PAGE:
Kathleen Kent is the author of the Edgar Award-nominated The Dime, as well as the bestselling historical novels The Heretic's Daughter, The Traitor's Wife, and The Outcasts. Kent lives in Dallas, TX.
For this debut, Kent goes back to her forebear Martha Carrier, who was hanged as a witch in 1600s Salem--but saved her daughter by convincing her to lie. Copyright 2008 Reed Business Information.
The panic and horror of the Salem witch trials in Kent's novel is conveyed with dead-eyed calm and an occasional tremor of emotion by Mare Winningham, whose tempered, dispassionate voice is not given to great displays of drama. Her melodiousness is pleasing to the ear, and Kent's novel becomes a sort of long-form song possessed of many verses and no chorus. At times, the melody overwhelms the meaning, but Winningham is more than capable as a reader, and her reading of Kent's sad tale of women accused and accusing emits a hint of deeply buried, untouchable tragedy. A Little, Brown hardcover (Reviews, June 30). (Sept.) Copyright 2008 Reed Business Information.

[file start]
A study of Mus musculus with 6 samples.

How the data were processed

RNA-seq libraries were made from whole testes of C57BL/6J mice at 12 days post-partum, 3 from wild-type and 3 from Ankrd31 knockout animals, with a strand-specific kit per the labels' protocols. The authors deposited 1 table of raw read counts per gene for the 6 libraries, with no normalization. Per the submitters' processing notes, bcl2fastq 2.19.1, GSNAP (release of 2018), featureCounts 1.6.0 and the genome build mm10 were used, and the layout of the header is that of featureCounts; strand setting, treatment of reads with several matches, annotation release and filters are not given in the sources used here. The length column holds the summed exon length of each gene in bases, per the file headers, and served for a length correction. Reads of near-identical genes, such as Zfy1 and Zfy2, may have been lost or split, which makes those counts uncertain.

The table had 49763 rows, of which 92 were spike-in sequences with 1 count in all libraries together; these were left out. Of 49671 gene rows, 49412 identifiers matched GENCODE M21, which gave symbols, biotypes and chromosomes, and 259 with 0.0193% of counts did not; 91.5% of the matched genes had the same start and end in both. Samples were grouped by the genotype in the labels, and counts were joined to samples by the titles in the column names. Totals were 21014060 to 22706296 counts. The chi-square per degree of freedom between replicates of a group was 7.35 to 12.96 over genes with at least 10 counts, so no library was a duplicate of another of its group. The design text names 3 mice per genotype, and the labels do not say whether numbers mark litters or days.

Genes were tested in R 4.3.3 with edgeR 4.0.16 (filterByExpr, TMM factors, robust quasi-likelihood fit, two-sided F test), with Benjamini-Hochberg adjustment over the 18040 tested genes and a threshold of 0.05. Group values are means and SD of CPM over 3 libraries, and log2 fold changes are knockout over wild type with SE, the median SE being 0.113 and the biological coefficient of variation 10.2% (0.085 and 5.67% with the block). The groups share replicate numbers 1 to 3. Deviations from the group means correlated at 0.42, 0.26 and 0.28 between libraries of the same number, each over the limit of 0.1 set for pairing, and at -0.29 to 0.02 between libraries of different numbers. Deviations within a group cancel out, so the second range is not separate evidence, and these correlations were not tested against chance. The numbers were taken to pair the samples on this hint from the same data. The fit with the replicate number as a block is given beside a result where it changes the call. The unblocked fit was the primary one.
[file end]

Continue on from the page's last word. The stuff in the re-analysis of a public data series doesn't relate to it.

Adult/High School-Told from the point of view of young Sarah, the daughter of one of the first women to be accused, tried, and hanged as a witch in Salem, this novel paints a vivid and disturbing picture of Puritan New England life. Based on fact and the author's family history, the story portrays Martha, Sarah's mother, as a strong-willed nonconformist who knows she is a target of the zealots who pit family members against one another with their false accusations. All but one of the siblings end up imprisoned with their mother, and much of the story is told from the inhumane and corruptly run jail. When Martha is finally executed, her husband "would stand for all of us so that when she closed her eyes for the last time, there would be a counterweight of love against the overflowing presence of vengeance and fear." History is brought to life as readers learn of the strength of Martha's convictions and the value she places on her conscience. They will also appreciate the themes of family love, repression, intolerance, and persecution in this beautifully written and compelling first novel.-Jane Ritter, Mill Valley School District, CA Copyright 2008 Reed Business Information.